It’s soup season.
This is the season for soup making. Every TV cook has a selection of great new recipes for amazingly nourishing soups, so inspiration is easy to find. I am often looking for a couple of new ones each winter season, but they always pare down to the same base. It’s just the spices you add that make them different.
My top tips are:
- Make your soup concentrated, by adding less liquid to your stock. This way you will have less bulk if you are going to freeze it. More space! Then add the water when you defrost it.
- Remember soups suit the season. So lots of roots during the winter, and lighter green based ones in the spring and summer time. It doesn’t sit well with me to make courgette soup at Christmas.
- Your base will generally always be onions. Cook them gently first to soften and allow the flavour to develop before you add anything else.
- If you eat meat, make your own stock by popping chicken bones in a pan with water, a carrot, onion and stick of celery. Simmer gently for an hour and then strain. There’s nothing like home made stock.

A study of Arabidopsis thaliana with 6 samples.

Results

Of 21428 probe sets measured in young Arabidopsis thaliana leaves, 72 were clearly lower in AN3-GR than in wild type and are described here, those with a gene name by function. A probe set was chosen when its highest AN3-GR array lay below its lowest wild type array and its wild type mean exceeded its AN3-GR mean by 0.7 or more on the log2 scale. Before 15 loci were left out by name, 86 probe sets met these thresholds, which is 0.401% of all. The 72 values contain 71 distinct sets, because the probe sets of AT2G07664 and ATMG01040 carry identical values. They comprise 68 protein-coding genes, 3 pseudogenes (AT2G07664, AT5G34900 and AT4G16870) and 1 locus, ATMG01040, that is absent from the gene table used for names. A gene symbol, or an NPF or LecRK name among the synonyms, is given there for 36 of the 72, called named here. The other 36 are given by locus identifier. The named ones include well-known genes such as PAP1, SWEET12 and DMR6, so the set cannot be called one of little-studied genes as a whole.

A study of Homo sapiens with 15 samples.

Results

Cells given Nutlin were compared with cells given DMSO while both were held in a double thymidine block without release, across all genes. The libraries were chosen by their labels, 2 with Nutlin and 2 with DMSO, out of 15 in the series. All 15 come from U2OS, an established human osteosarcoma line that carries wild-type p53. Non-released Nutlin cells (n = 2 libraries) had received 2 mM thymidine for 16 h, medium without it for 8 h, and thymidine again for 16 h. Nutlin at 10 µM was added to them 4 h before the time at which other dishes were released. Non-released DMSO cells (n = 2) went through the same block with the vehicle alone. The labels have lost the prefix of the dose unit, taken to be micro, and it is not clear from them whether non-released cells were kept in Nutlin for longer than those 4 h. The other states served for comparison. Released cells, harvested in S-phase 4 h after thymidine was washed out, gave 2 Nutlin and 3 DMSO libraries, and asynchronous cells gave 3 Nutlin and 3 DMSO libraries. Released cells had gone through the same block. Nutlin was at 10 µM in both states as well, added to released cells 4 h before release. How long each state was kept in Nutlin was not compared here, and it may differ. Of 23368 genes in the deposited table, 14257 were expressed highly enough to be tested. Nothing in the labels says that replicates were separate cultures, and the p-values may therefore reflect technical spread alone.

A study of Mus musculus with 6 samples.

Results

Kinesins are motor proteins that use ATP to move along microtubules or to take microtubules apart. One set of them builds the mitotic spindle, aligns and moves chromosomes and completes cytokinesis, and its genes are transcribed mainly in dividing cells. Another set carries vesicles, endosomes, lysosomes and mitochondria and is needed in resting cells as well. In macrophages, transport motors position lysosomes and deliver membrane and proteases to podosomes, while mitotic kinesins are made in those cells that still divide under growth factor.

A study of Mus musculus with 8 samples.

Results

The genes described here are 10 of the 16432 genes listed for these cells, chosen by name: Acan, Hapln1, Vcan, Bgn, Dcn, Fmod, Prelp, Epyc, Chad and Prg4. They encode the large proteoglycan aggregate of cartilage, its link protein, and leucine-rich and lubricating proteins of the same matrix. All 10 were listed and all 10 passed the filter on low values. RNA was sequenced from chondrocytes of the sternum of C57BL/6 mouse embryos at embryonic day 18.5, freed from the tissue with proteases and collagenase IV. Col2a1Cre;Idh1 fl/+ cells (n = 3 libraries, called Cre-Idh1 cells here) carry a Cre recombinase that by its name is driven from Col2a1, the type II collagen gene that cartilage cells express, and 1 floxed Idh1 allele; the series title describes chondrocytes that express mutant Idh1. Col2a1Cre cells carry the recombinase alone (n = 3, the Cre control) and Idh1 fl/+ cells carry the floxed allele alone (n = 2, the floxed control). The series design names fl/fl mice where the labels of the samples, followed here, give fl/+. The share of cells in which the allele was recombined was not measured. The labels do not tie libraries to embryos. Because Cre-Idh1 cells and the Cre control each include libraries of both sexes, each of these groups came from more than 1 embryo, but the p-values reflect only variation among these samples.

- Try roasting your veg for an amazing flavour and adding it to stock.
You don’t need a set recipe
For me there is no real set recipe of quantities. Today I decided to clear my fridge and use up a lonely sweet potato and some red peppers. I always have onions, and the rest were store cupboard ingredients – cumin, a tin of coconut milk, and a little fresh ginger that I always have in the fridge for morning ginger shot juices.
The peppers were popped on a tray drizzled in a little oil, black pepper and pink himalayan salt. Roasted for 15 minutes at about 220. I have an Aga so mine were in the roasting oven until they started to blister but not char.
Meanwhile, the chopped onion was gently sweated in a pan with ghee. Until soft, not browning, then I added about a teaspoon of cumin and the ginger – grated. Allow the flavours to develop but not burn. Next the sweet potato went in followed by a whole can of coconut milk.
The peppers were chopped up and added to the pan for a few minutes and then left to cool, before whizzing in the blender. Mine was perfect consistency. If it’s too thick just add some water.
Soups are the most perfect lunch. Warming, nourishing and filling, and easy to pop into a flask if you are going to work. You’ll save loads of money if you make your own rather than purchasing on the run. Although I understand that some people have to purchase soups rather than making their own, I would suggest that you get fresh ones rather than tinned.